Protesters gathered outside the White House this weekend to demand that President Joe Biden extend the Tuesday evacuation deadline that’s displacing a number of Americans and Afghan allies left behind in Taliban-occupied Afghanistan.
Many of the protesters were especially passionate about their cause since they (or their families) have lived to tell the tales of horror from the place where America waged a 20-year war.
According to Fox News, chants to “push the deadline” echoed down Pennsylvania Ave. all of Saturday afternoon.
The protest displayed the growing disdain people of all backgrounds, ideologies and walks of life have for Biden’s hasty pullout from the region.
This is no partisan issue. This is no issue reserved only for those directly involved.
No, just like the 20-year war we waged, this is an issue that speaks to us all.
The question is: How will we respond to it?
Fox News’ report delved into several responses from protesters who recaptured the experiences they or their families have had with the Taliban, voiced their distress over the chaos they blame the Biden administration for creating or even called out the president personally.
“You failed us. As an American, you failed us,” a resident of Washington, D.C., named Jimmy said, speaking of Biden.
“Twenty years for what? America has lost lives for what?”
Fox included another protester’s admonishment geared directly toward Biden with a bold assertion: “[Y]ou have blood on your hands.”
Poignant, yes. In fact, the rhetoric proved poignant throughout the event with people demanding that Biden heed their warnings to never trust the Taliban or to refuse to negotiate with terrorists. (To be fair, Republicans who favor former President Donald Trump should probably steer clear of the “never” negotiate claim and focus on the manner of such negotiation instead — considering Trump also negotiated with the Taliban, but in his own way.)
Some protesters, however, fell back on their experiences and the experiences of their families.
“I have family that are U.S. citizens and they have been stuck there,” one woman told Fox News.
“There’s possibly no way for them to get out because officials aren’t giving them exact directions of where to go and even if they do go there, the Taliban or other checkpoints won’t let them through.”
“They got really close to evacuating,” another protestor said, speaking of her family. “We actually had someone from the inside help but they were not able to get through past the gate.”
Another cause entered the spotlight on Sunday when activists stood outside the White House to show solidarity with Afghan women who now fear living in their own country, according to The Washington Post.
Activist Noorjahan Akbar called for Biden to “prioritize the evacuation of women from Afghanistan amid the Taliban takeover” while Sweeta Noori, an Afghan speaker present at Sunday’s march, “shook and yelled through tears as she turned to face the White House, the symbol of a government that she said abandoned Afghan women,” the Post reported.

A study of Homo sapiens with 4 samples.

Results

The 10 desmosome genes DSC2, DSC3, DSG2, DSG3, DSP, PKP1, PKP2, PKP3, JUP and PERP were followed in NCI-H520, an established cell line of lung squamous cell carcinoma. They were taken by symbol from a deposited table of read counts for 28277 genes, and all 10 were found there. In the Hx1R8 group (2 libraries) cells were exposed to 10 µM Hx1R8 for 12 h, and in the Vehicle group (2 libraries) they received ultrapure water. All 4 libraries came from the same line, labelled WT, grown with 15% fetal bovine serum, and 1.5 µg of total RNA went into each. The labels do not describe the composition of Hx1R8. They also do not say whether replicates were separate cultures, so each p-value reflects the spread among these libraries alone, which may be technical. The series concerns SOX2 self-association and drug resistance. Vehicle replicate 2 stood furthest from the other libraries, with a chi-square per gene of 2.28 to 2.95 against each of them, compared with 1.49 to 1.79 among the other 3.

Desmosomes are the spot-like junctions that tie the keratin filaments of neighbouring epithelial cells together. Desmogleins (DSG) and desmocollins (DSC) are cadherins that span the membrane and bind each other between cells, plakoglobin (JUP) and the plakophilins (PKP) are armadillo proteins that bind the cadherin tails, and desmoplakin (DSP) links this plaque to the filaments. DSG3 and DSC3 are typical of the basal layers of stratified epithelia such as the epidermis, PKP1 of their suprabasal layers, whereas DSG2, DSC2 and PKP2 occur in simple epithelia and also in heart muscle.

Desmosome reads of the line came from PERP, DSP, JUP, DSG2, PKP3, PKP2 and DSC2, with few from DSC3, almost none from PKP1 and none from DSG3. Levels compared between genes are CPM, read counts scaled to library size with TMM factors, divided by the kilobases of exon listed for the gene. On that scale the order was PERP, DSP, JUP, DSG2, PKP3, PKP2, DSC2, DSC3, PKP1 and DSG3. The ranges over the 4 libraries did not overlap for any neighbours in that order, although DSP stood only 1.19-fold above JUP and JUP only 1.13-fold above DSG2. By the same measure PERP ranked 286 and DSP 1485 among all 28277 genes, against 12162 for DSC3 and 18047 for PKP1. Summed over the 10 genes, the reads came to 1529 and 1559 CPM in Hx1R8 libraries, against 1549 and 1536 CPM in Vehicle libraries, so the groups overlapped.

“I am asking you, Mr. Biden, can you hear me? Who is responsible? You are responsible!” she shouted.
But did these pleas or demands yield any results?
For these women, their hope comes in the form of a nonprofit — Vital Voices Global Partnership, which worked in conjunction with several women’s groups to organize the protest and has raised approximately $6 million to assist in evacuation efforts, according to the outlet.
However, the demand for an extended withdrawal deadline could only be answered in one way and by one leader.
Days later, we see the effort to extend this deadline negotiated between the Biden administration and the Taliban fell on deaf ears.
On Monday, news broke that the final U.S. military plane had left the Kabul airport and our forces had completed their withdrawal from Afghanistan.
America’s “forever war” had ended at last.
Well, at least in one regard. I doubt we could say the same for those left behind in the Taliban’s wake. For them, the nightmares are only beginning.
But, to bring the issue back home, we must consider what this cataclysmic chapter of Biden’s first year in office might mean for the president (and the Democratic Party in general) when future elections roll around.
Though it’s speculative at this point, it’s obvious there’s a bounty of outrage surrounding Biden’s Afghanistan fiasco, and this just might translate into a narrowing or complete dissolution of the Democrats’ small House and Senate majorities come 2022. (Of course, Democrats only hold the Senate with Vice President Kamala Harris’ tie-breaking vote, but the point remains.)
Many Americans wanted to pull out of Afghanistan and had made the demand for years. That’s no secret.
Trump appealed to those demands by laying out a foreign policy which included an eventual full removal from Afghanistan — though, it’s likely that the execution of that plan would’ve been less disastrous than the one we’ve witnessed.
We can speculate that a different administration might have been careful enough to ensure the safety of Americans and Afghan allies amid the Taliban’s presence, and that a different administration might’ve avoided leaving any military equipment behind for the Taliban to commandeer.
It’s a long route to say that the problem isn’t necessarily the pullout itself, but rather how poorly it has been executed.
But, I don’t have to delve into that too much. I’m sure you’ve heard similar complaints elsewhere — maybe even a million times at this point. (I know I have.)
The consensus extends across party lines and other demographics as well — what has happened in Afghanistan has been a complete disaster.
At this point, all we can do is sit back and guess just how this might affect Biden and his party going forward.